Gospel Gazette, Bible Articles

Vol. 2, No. 6 Page 6 June 2000

Gospel Gazette, Bible Articles

Tongues of Angels

By D. Gene West

From time to time we receive questions from members of the congregation, and one that we received recently has to do with the tongues of angels mentioned in 1 Corinthians 13:1. We enjoy receiving questions from time to time because it indicates that people are studying the Bible for themselves, and that they are serious about that study in that they are asking questions about the things they do not understand. The passage under consideration reads as follows:

“Though I speak with the tongues of men and of angels, but do not have love, I have become as sounding brass or a clanging cymbal.”
If I am understanding the question properly the questioner wants to know if the angels in heaven speak a language all their own, and is that what Paul was referring to when he spoke of the languages “of men and of angels”? As to what languages may be spoken in heaven by the Father, the Son, the Holy Spirit and the angels, those of us who dwell on the earth would have no way of knowing. Every time the Bible speaks of something that is said in heaven, or something that is said by God or by angels that has been spoken in the languages in which the Bible was written, or in the language spoken by the hearers at the time, it is intelligible to mankind. For example, at the transfiguration of Jesus the voice of God came out of a cloud and said, “This is My beloved Son, in whom I am well pleased, hear Him.” That statement was understood by those who heard the voice, just as was the statement that God made at the baptism of Jesus. The Jews, at that point in their history spoke a language commonly called Aramaic, and so it must be presumed that when God spoke, he spoke in that language. If that is not the case, then unless there was the miracle of interpretation, the people would not have understood what was said by the heavenly voice.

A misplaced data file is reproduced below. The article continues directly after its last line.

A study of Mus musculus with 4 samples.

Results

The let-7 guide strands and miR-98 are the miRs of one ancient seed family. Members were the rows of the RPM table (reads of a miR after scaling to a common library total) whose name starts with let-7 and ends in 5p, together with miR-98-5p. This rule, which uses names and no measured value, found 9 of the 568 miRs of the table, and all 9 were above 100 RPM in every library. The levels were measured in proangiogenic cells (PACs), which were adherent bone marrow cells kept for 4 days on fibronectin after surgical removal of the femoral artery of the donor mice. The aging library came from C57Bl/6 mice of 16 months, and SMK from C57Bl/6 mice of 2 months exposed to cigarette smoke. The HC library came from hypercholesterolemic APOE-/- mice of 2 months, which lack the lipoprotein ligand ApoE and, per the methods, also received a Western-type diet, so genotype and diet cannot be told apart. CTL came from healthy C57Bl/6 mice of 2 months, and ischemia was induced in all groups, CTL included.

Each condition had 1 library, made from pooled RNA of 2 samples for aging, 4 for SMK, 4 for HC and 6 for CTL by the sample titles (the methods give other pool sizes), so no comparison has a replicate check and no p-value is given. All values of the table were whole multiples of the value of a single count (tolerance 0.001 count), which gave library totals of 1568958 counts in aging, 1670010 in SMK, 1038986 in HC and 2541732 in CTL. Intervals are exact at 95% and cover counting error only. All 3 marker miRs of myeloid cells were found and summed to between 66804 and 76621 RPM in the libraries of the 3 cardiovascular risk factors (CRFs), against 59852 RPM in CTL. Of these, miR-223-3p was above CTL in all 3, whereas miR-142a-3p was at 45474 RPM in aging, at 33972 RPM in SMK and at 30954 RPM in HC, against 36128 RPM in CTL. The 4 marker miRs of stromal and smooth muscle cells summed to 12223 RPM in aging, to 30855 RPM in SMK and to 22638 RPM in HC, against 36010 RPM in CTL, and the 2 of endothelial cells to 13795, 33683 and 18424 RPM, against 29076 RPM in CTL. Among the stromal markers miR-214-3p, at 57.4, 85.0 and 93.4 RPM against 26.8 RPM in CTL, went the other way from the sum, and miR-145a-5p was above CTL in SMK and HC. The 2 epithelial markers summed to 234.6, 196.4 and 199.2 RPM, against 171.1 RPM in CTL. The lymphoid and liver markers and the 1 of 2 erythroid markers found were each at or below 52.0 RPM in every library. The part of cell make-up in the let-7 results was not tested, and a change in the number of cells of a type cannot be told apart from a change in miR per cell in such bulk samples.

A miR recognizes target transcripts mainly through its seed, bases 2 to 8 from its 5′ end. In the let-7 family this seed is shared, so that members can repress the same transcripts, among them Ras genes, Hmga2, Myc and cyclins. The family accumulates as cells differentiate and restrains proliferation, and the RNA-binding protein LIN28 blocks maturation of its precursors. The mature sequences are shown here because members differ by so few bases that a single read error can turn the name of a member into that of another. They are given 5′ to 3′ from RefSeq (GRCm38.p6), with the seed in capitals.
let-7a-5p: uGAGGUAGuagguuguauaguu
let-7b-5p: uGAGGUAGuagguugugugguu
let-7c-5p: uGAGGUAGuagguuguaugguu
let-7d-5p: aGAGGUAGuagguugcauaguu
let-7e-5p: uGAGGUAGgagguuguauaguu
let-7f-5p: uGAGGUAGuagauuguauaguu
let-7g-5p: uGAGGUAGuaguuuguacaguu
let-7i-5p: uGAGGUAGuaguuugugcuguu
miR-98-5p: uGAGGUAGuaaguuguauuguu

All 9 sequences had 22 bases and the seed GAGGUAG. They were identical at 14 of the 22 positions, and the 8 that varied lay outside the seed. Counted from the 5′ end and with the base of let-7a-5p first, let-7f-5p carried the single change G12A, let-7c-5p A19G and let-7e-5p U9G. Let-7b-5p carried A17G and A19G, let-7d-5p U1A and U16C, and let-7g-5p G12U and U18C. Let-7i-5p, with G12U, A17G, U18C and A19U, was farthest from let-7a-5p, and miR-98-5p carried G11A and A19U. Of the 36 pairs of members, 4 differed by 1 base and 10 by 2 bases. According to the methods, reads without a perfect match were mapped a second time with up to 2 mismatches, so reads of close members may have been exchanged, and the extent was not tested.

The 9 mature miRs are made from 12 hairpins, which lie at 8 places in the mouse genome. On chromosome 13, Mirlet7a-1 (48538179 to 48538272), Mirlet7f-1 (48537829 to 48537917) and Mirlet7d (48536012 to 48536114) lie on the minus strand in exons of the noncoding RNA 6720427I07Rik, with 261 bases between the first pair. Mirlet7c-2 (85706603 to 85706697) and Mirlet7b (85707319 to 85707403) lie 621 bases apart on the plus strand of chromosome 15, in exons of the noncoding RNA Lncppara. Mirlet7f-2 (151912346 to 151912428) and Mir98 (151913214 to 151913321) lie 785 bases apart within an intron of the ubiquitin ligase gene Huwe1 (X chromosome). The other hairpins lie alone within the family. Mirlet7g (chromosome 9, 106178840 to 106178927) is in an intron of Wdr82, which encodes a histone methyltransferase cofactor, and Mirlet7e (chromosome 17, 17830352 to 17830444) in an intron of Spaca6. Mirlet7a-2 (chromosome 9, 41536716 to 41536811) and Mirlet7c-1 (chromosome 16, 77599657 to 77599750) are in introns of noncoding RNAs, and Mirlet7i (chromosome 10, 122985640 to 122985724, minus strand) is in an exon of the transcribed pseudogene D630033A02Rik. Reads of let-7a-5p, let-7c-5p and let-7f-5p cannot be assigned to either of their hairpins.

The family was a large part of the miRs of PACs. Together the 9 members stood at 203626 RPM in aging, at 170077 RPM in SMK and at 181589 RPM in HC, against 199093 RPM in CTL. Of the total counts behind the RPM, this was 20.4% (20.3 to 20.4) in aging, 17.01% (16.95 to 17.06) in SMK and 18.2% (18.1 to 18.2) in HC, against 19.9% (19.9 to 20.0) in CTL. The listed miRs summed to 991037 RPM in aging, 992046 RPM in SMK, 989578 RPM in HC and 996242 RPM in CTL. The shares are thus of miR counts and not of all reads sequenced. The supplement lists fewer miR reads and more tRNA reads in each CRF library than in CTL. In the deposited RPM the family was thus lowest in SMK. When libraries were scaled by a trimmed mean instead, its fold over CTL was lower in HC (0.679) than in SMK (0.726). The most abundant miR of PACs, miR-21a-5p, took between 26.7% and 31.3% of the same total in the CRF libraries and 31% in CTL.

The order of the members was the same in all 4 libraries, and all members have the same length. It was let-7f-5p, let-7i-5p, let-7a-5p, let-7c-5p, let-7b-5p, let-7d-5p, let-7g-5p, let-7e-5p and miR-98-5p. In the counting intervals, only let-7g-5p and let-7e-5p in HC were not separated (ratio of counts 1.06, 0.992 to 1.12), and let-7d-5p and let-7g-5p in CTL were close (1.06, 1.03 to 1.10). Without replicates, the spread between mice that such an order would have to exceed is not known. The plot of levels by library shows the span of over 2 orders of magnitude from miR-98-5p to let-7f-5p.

As to whether or not God, Christ, the Holy Spirit, and the angels have a language that is reserved for them in heaven, one would have no way of knowing since that has not been revealed to man. One may assume that is the case, but that would be only an assumption and not proof.

In 1 Corinthians 13:1, Paul is using a figure of speech which basically means that if he had the ability to speak all the languages of heaven and earth, and did not love his brother and fellow man, then his orations in these languages would sound like someone beating on a tub. His efforts would simply be noise and nothing more. He is speaking hypothetically, saying that if he could master all the languages of men, and even those of angels, if such existed different from the languages of man, and still had no love in his heart, he really was quite worthless.

The words of Paul in the first part of the verse are a conditional clause, and as such, it indicates that Paul does not himself engage in speaking in foreign languages in the public worship of the church. Lenski points out that Paul is saying in effect, “Suppose that I as the Lord’s apostle have the highest possible gift of tongues, those that men use, and even those that angels use -- how you Corinthians would admire, even envy me and desire to have an equal gift!” (P.545, 1 Corinthians 13)

He is trying to get the Corinthians to see that they are placing emphasis on the wrong thing, that what is important in the exercise of the Christian faith is not speaking in tongues. As a matter of fact, he forbid the use of languages at Corinth unless there was an interpreter present, but what is important is having a deep and abiding love in our hearts for our fellow man, and especially for our brethren (Galatians 6:10).

When the angels of God appeared to Abraham in the planes of Mamre to tell him that he was going to have a son in a year from that time, they spoke to Abraham in a language he could understand. Since Abraham came from Ur of Chaldees, it can be safely assumed that he spoke the language of the Chaldean. When the angels spoke to him they must have spoken to him in a way that he could understand for he knew immediately what the message was! Furthermore, Sarah, who was listening to what was said, also understood the message of the angels, and laughed. Abraham understood the language of the angels when they told him that they were going to see how wicked Sodom had become and perhaps destroy it. Abraham began to bargain with them to save the people of Sodom, because Lot lived there. (See: Genesis 18.)

There may be languages spoken in heaven that man has never heard, and if there are, and if man could master those languages, and if he did not love as he ought, the mastery of those languages would do nothing for him except make him like someone banging on a brass cymbal! This is the proper interpretation of the meaning of 1 Corinthians 13:1.